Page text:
Walt Mossberg

Anyone Can Produce, And Star, in a Video — Just like Mine

Everyone can now be a video producer. YouTube and other Web sites are filled with short amateur videos created on typical home computers. Even print journalists like me have joined the trend. For the past couple of months, I’ve been recording brief video commentaries to post along with my columns on The Wall Street Journal’s Web site, WSJ.com.

But how, exactly, does one make such a video? I’ve had multiple readers ask me about how I do mine, so I thought I’d explain the process. Because the Journal employs professional producers who help me, the method I use isn’t a purely amateur experience. But most of it is the same as what anyone could do at home. One look at my (ahem) production values confirms that. You can see for yourself at wsj.com/mossbergvideo.

My method is pretty simple. Shortly after writing the columns each week, I sit down in front of a computer with a built-in video camera and record the commentary using the free software that comes with the computer. Then, using the same software, I convert the movie into a format our Web producers can use and upload it to them. They add titles and insert footage of any products I’m discussing.

I have recorded most of these videos in my home office in Maryland, using a desktop computer. But when I am on the road, I have used a laptop in hotel rooms from Las Vegas to New York City to Munich. At home, I use a professional microphone supplied by our producers, but on the road, I just use the laptop’s built-in mic. And I don’t use any special lighting.

In both settings, but especially in hotel rooms, I make sure the parts of the room that get in the shot aren’t too messy or distracting. Nobody wants to see a used room-service tray in one of these videos.

So far, I have done all my videos on a Macintosh, either an iMac desktop or a MacBook Pro laptop, and I’ve used Apple’s built-in iMovie software — mostly because it is simple and reliable, and produces good videos despite unpredictable conditions. It also easily exports the videos into QuickTime files, an Apple format that our producers — who also use Macs — can easily use. YouTube can use this format, too, along with other formats.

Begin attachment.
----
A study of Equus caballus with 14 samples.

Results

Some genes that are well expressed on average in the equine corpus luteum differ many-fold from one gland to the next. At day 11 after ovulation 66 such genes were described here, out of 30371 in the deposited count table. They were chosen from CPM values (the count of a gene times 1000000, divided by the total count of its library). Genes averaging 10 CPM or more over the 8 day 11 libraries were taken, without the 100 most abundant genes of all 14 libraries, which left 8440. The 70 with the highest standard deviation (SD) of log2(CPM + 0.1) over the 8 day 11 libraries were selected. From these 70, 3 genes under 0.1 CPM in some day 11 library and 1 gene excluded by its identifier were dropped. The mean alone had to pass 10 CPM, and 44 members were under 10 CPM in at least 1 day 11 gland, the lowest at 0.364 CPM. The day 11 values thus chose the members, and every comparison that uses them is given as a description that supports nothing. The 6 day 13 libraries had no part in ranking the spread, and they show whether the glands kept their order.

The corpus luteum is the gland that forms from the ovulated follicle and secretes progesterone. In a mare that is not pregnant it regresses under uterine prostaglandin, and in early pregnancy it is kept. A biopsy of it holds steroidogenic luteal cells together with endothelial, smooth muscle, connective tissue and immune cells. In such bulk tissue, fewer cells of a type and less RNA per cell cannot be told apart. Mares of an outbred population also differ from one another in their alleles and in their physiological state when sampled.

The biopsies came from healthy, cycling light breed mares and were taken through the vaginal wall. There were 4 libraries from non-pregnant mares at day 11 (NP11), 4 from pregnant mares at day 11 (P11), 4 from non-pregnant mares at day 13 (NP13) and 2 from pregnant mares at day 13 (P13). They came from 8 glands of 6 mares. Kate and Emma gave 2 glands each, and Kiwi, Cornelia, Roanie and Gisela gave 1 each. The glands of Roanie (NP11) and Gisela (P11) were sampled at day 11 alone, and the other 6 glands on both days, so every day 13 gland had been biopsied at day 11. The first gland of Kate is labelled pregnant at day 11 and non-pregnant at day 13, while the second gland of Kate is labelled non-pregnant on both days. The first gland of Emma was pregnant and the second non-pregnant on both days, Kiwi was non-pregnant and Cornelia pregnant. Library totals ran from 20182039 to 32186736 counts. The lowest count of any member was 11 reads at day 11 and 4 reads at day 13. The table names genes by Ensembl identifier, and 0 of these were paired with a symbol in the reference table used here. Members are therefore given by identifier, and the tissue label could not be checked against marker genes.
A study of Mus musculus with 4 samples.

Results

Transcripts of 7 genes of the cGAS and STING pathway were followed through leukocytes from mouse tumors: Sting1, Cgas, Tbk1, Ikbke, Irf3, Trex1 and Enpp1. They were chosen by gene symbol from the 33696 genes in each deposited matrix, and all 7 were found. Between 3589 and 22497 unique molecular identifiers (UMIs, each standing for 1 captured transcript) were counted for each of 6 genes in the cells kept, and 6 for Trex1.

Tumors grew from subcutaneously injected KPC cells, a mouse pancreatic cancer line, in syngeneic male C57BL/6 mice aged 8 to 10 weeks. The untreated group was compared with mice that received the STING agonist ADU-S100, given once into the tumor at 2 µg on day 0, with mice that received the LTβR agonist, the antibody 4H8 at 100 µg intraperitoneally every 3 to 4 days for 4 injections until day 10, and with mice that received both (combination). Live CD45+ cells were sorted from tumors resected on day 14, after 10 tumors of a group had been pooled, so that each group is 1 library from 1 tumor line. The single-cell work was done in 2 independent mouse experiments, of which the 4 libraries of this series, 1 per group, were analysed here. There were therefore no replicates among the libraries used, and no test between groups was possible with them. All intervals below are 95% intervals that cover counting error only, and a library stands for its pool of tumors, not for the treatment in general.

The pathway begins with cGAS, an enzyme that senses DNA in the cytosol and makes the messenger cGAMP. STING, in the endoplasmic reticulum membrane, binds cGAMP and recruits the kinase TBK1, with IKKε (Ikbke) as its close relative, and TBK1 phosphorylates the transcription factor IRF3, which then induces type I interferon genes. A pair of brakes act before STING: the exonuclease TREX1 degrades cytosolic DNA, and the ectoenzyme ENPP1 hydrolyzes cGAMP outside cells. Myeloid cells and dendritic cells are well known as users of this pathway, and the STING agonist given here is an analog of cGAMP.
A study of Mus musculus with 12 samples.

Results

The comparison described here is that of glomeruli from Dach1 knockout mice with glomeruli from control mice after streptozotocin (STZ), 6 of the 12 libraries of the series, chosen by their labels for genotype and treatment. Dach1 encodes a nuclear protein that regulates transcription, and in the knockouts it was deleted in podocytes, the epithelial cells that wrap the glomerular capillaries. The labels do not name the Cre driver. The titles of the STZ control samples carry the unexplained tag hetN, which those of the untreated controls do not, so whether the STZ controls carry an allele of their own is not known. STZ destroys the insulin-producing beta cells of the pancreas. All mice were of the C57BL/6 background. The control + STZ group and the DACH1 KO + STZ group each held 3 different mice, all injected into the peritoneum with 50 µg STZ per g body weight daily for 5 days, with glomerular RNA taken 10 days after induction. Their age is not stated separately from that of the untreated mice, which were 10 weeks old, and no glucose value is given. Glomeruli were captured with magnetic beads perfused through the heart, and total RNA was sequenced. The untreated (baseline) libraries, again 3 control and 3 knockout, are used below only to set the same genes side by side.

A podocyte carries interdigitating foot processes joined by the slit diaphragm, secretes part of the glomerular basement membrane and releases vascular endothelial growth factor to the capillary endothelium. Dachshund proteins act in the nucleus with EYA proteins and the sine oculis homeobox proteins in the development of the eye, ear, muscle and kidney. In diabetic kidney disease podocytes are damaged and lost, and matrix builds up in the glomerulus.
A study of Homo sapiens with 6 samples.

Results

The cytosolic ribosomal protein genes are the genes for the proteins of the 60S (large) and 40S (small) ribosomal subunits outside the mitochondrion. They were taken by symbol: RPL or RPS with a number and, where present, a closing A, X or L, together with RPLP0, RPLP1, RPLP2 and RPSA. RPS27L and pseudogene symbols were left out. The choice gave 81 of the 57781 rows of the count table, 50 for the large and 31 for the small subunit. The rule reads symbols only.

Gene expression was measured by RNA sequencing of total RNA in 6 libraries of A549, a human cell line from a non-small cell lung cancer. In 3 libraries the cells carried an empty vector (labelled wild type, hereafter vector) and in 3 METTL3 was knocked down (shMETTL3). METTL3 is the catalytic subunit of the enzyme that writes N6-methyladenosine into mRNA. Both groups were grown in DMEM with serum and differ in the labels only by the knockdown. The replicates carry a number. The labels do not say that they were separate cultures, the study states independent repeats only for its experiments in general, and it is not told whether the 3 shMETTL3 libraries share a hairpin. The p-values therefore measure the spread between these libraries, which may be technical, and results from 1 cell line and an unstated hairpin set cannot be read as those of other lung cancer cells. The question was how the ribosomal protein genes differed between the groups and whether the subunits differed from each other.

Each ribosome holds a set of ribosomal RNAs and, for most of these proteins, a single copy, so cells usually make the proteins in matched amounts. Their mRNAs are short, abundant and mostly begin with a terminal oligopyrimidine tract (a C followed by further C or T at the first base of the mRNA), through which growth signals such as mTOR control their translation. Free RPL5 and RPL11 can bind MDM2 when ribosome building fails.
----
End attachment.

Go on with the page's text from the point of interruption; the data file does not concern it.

Such videos could also be created on a Windows computer that has a camera and accompanying video software. I have tested this on a Hewlett-Packard Pavilion dv6000 laptop with a built-in camera, using the free Windows Movie Maker program in Windows XP. The videos recorded fine, and I was able to save them in Microsoft’s Windows Media Video format, which the Journal producers — or sites like YouTube — can use.

Unfortunately, on this particular H-P computer, I’ve had problems with the video and audio being out of sync, an obstacle I’ve never encountered on the Macs. But I assume that doesn’t happen on all, or even most, Windows machines.

My videos are very basic: It’s just me talking into the camera and occasionally holding up a product. I’m not moving around much, or including other people. I don’t usually record multiple takes, and I don’t have time to do editing. Because I don’t care much about production values, there are shadows and the sound is hardly perfect. But you could use the same hardware and software to make more elaborate videos with better lighting and sound. Both iMovie and Windows Movie Maker allow extensive editing, the use of video effects and the addition of titles and transitions.

You could also buy better video software. For instance, our producers in New York edit my videos using off-the-shelf Macs running a high-end Apple video program called Final Cut Studio, which costs $1,299. A simpler version, Final Cut Express, costs $299. On Windows, there are video programs like Adobe Premiere Pro, for $849, or the simpler Premiere Elements, for $99.

What if you want to use a digital camcorder or the video function of a digital still camera, to shoot your videos? Well, you can easily do that and just import your videos from the camera into your Mac or Windows computer using a cable and most video software.

After you’ve imported the video and saved it to your hard disk, you can either directly upload it to YouTube or another Web site or edit it first before uploading.

While my computers have built-in cameras, if yours don’t you can buy an add-on, such as the external iSight camera made by Apple. For Windows computers, Logitech and others make a variety of external cameras. If you use a Mac, I also recommend a small program called iGlasses, a terrific $8 utility that can tweak Apple cameras to compensate for poor lighting or to enhance images. It is available at www.ecamm.com.

Two other tips: Remember to look into the camera, not at the screen, so you don’t appear to be looking away from the viewer. And if you wear glasses, as I do, turn off the screen, so it doesn’t reflect in your glasses.

If I can make videos, so can you.

Email me at mossberg@wsj.com. See video versions of my reviews at wsj.com/mossbergvideo.